Using open licenses

You can use open licenses to encourage free use of your own work. LibraOpen and LibraETDs makes it easy to use Creative Commons (CC) licenses, but many other kinds of open licenses exist. Here are some key facts and resources about open licenses:

  • Open licenses allow copyright holders to grant blanket permission to the public to make free use of their works, so long as the use meets certain conditions (such as attribution, or refraining from commercial exploitation).
  • CC licenses in particular are a key tool of the Open Access movement, which works to expand free online access to scholarship. Learn more about support for Open Access at UVA here. The Authors Alliance has a helpful FAQ about open access for authors here.
  • Open licenses are irrevocable—once you publish your work to the web with an open license attached, anyone who complies with the license is free to use your work accordingly. If you change your mind, you can’t stop someone who has already relied on the license. So, think carefully about whether you want to make your work available in this way before you choose an open license.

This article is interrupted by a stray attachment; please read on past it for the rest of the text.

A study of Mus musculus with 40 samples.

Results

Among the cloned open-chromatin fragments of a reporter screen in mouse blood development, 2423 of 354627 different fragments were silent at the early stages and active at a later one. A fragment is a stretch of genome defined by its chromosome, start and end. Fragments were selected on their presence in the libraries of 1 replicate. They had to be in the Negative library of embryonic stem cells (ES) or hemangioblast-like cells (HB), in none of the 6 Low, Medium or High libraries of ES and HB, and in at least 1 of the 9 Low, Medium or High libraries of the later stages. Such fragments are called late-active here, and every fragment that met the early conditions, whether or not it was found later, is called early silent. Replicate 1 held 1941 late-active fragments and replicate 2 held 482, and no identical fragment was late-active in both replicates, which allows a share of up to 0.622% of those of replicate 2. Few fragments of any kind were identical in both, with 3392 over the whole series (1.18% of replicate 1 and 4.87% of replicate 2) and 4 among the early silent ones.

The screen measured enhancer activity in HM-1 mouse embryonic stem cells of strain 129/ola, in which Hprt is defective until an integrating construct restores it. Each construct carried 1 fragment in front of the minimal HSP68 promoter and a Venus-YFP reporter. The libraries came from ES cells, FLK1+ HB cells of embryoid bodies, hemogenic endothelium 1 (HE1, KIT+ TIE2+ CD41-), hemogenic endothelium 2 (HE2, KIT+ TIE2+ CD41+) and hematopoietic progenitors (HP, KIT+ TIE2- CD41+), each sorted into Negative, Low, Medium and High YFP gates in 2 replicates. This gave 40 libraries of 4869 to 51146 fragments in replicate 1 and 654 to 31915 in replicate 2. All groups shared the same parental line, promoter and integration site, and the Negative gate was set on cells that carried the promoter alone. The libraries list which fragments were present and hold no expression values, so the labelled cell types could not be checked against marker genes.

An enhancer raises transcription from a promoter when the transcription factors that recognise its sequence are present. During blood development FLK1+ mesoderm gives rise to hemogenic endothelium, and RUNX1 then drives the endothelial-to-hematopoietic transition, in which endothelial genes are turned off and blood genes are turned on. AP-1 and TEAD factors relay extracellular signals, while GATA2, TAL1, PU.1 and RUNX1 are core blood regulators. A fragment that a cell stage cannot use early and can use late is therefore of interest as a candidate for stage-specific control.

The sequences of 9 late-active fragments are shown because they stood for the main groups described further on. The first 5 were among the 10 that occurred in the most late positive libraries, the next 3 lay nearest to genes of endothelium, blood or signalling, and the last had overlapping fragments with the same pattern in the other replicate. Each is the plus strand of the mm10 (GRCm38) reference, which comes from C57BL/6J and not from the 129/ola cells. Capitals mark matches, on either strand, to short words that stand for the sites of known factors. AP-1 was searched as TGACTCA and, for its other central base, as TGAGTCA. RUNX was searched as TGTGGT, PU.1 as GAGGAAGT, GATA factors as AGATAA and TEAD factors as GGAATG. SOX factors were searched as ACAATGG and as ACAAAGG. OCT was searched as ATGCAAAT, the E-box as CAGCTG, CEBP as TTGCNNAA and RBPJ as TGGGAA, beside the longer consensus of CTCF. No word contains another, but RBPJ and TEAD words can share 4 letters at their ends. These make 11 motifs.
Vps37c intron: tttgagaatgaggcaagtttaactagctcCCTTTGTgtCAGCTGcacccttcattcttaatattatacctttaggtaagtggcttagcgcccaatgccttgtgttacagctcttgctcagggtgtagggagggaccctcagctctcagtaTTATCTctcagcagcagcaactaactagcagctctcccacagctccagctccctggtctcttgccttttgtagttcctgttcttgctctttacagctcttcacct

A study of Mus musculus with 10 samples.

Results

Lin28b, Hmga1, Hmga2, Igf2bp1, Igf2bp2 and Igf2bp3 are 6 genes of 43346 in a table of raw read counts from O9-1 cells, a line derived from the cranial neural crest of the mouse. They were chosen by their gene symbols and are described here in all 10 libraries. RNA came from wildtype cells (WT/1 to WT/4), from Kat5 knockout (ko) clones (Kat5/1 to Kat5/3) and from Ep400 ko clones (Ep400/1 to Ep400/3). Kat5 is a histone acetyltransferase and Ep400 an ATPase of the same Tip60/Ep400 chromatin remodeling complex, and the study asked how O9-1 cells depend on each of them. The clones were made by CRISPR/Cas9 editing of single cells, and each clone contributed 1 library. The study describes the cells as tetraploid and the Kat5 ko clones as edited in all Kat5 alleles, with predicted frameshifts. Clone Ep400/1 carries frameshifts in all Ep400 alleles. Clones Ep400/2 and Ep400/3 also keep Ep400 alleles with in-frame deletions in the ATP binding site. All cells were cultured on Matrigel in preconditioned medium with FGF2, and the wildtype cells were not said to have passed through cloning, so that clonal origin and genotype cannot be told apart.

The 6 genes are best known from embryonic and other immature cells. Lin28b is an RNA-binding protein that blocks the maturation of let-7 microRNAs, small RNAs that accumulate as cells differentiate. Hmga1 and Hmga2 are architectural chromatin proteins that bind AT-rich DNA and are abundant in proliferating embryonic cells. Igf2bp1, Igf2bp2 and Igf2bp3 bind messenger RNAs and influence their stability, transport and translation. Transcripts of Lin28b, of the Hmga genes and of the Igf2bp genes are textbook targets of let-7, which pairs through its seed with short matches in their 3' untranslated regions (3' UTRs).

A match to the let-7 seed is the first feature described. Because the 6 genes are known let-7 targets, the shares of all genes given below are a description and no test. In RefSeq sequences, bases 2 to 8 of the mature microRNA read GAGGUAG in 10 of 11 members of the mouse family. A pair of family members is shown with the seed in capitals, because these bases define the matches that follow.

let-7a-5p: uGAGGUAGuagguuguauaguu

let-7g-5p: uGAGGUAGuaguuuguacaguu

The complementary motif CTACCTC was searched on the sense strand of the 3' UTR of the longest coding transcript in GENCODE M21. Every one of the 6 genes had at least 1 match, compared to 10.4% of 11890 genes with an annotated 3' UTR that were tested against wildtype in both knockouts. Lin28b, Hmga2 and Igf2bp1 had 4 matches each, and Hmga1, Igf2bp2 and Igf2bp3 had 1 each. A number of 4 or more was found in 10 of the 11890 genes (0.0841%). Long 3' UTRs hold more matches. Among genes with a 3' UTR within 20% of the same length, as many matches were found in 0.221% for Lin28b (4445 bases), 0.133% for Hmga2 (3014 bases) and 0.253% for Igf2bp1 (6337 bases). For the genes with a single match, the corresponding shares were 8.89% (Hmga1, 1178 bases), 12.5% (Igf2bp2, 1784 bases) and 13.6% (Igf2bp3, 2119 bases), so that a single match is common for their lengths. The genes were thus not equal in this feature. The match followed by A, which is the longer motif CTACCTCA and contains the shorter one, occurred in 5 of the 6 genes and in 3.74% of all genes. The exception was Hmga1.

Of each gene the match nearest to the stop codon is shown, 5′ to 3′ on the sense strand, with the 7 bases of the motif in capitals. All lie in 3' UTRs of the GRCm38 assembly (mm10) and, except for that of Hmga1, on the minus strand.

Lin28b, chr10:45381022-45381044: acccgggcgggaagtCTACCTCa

• Deciding whether to use an open license can be a source of anxiety for some graduate students, who worry that openly-licensed or openly available versions of their work may reduce their future chances of publication. The CUNY Graduate Center has developed a guide for graduate students confronting anxiety about open access to their work.
  • Once you have decided to use an open license, think carefully about which license to use. The preprint publisher ASAPBio has a helpful graphic showing “How open” the different licenses are, along with FAQs about licenses generally.
  • You can learn much more about CC licenses generally at the Creative Commons website.
  • Although Creative Commons is the most well-known suite of licenses for textual and artistic works, there are many other varieties of free or open licenses, including specialized licenses for software and data. A wiki definition of “free cultural work” and a list and taxonomy of free licenses is available here.